Lawmakers Push FCC To Confront Cell Phone Cyber Threats — In a letter dated March 28, 2017, Senator Ron Wyden, D-Ore., and Representative Ted Lieu, D-Calif., urged the Federal Communications Commission (“FCC”) to address cybersecurity vulnerabilities in the cell phone industry, which the lawmakers said has thus far been unsuccessfully policing itself. The letter states that the industry has failed to protect itself effectively and has taken a “lax approach to cybersecurity” that requires the FCC to step in and take “swift action” to fill the gaps.
One of those gaps in cybersecurity protection, called Signaling System No. 7, or SS7, was highlighted in a report released earlier this month by a working group of the FCC’s Communications Security Reliability and Interoperability Council (“CSRIC”). SS7 is an inter-carrier network that allows cell phones to communicate with each other and, for example, roam from one cell phone network to another. The interconnectivity of SS7 also presents major cybersecurity concerns because it may let hackers record phone calls and access a cell phone user’s information using only the user’s phone number.
Wyden’s and Lieu’s letter specifically identified SS7 as a cybersecurity threat and stated that vulnerabilities to mobile phones “are no less dangerous than those cybersecurity threats that receive far more attention from other government agencies.” The lawmakers stressed that “industry self-regulation isn’t working when it comes to telecommunications cybersecurity.”
The CSRIC working group suggested several methods to reduce exposure, including a layered approach to security and improved firewalls to stop SS7 attacks. The working group’s charter expired on March 18, and the lawmakers’ letter urged the FCC to establish a new CSRIC working group to explore broader security issues beyond the scope of the previous group’s mandate.
The letter said that the FCC can no longer afford to neglect cybersecurity threats and instead must (1) force the cellular industry to address serious cybersecurity vulnerabilities in its systems; (2) warn the American public that their movements, communications, and devices may be vulnerable to foreign governments and hackers; and (3) promote the use of end-to-end encryption apps, which can be used to mitigate some of the SS7 risks.
Reporter, Yelena Kotlarsky, New York, +1 212 556 2207, firstname.lastname@example.org.
App Privacy Litigation Settles For $5.3 Million — Several major app developers, including Twitter, Facebook, Instagram, and Yelp, settled a putative class action pending in California federal court last week. The app companies have agreed to pay a consolidated $5.3 million to resolve claims of invasion of privacy/intrusion upon seclusion. The consolidated case is Opperman et al. v. Kong Technologies, Inc. et al., Case No. 3:13-cv-00453, in the U.S. District Court for the Northern District of California.
The class action alleged that the apps invaded users’ privacy by gathering information stored in users’ personal address books and transmitting it without their knowledge. The alleged practice of taking address book information without permission first came to light in February 2012, when a developer claimed that Path, a mobile social network, was uploading users’ contacts to its own servers without informing users. Commentators expressed concern that individuals’ address books could contain private information. For example, in some countries, dissidents would not want state officials to use their address books to obtain information about where they live, their families, or the identities of other protesters.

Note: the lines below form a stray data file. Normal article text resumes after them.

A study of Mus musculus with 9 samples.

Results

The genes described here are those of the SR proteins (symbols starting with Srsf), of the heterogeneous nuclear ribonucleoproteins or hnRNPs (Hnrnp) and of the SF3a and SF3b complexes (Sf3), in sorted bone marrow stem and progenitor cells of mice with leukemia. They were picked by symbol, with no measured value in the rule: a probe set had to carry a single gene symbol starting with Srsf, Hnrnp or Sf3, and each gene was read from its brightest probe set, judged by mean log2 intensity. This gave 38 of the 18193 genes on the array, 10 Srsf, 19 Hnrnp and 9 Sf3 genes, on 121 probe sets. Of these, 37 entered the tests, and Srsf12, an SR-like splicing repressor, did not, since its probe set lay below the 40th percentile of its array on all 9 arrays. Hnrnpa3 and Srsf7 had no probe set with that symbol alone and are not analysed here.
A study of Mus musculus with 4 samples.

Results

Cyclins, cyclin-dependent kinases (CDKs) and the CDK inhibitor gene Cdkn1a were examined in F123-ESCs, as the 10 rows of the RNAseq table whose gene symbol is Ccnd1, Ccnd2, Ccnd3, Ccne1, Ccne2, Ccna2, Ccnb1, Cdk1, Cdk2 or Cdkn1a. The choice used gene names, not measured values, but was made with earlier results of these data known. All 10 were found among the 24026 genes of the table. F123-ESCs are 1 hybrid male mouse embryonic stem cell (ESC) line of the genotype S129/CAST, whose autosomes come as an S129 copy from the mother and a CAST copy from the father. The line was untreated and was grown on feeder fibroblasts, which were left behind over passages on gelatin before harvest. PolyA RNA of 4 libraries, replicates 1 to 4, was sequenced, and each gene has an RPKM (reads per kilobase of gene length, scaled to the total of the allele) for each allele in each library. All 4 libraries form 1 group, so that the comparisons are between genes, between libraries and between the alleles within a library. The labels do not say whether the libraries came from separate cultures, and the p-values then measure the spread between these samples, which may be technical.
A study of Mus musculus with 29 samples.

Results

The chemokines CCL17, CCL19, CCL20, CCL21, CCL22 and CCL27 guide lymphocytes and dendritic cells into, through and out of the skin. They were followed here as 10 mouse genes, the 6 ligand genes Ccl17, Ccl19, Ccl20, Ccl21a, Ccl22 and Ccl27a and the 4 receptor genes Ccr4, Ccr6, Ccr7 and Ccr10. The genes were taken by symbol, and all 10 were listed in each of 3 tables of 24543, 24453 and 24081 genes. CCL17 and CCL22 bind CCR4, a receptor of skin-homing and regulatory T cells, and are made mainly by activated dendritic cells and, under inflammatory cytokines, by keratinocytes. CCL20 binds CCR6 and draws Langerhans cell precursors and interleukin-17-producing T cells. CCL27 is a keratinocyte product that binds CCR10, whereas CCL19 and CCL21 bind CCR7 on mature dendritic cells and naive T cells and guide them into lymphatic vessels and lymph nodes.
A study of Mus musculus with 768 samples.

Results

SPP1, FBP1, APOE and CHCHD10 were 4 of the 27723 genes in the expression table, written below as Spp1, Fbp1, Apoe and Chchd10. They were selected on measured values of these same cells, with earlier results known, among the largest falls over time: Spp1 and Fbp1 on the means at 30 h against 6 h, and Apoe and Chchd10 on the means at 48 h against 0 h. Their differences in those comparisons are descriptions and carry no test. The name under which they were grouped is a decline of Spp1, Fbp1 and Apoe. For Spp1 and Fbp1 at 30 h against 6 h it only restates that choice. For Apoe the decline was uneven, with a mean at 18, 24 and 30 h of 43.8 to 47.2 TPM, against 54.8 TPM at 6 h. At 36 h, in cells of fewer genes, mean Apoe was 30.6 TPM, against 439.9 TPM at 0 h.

The Opperman class action finally moved into the discovery phase in March 2015, when U.S. District Judge Jon S. Tigar denied defendants’ motions to dismiss the proposed class action, saying the plaintiffs adequately alleged they relied on defendants’ ads and other statements touting the security of their devices and adequately alleged the developers invaded their privacy. However, the judge also denied injunctive relief because there was no “realistic threat” that the defendants would allow contact information contained in consumers’ address books to be accessed by app developers in the future.
The settlement covers a purported class of about 7 million individuals. In the settlement proposal, plaintiffs noted that it “is the product of protracted and highly adversarial litigation, spanning five years and reflected in the case’s procedural history before the Court, together with extensive and complex negotiations between and among the parties and their experienced and informed counsel.” Individuals who downloaded apps such as Instagram and utilized the Find Friends or similar features between 2010 and 2012 and who submit valid claims will be sent cash or cash-equivalent payments on a per app basis according to the settlement documents. The settlement proposal notes that “the App Defendants have vigorously contested both their liability and Plaintiffs’ ability to certify the asserted claims for class treatment” and “liability remains highly disputed in the case.”
Reporter, Anush Emelianova, Atlanta, +1 404 572 4616, email@example.com.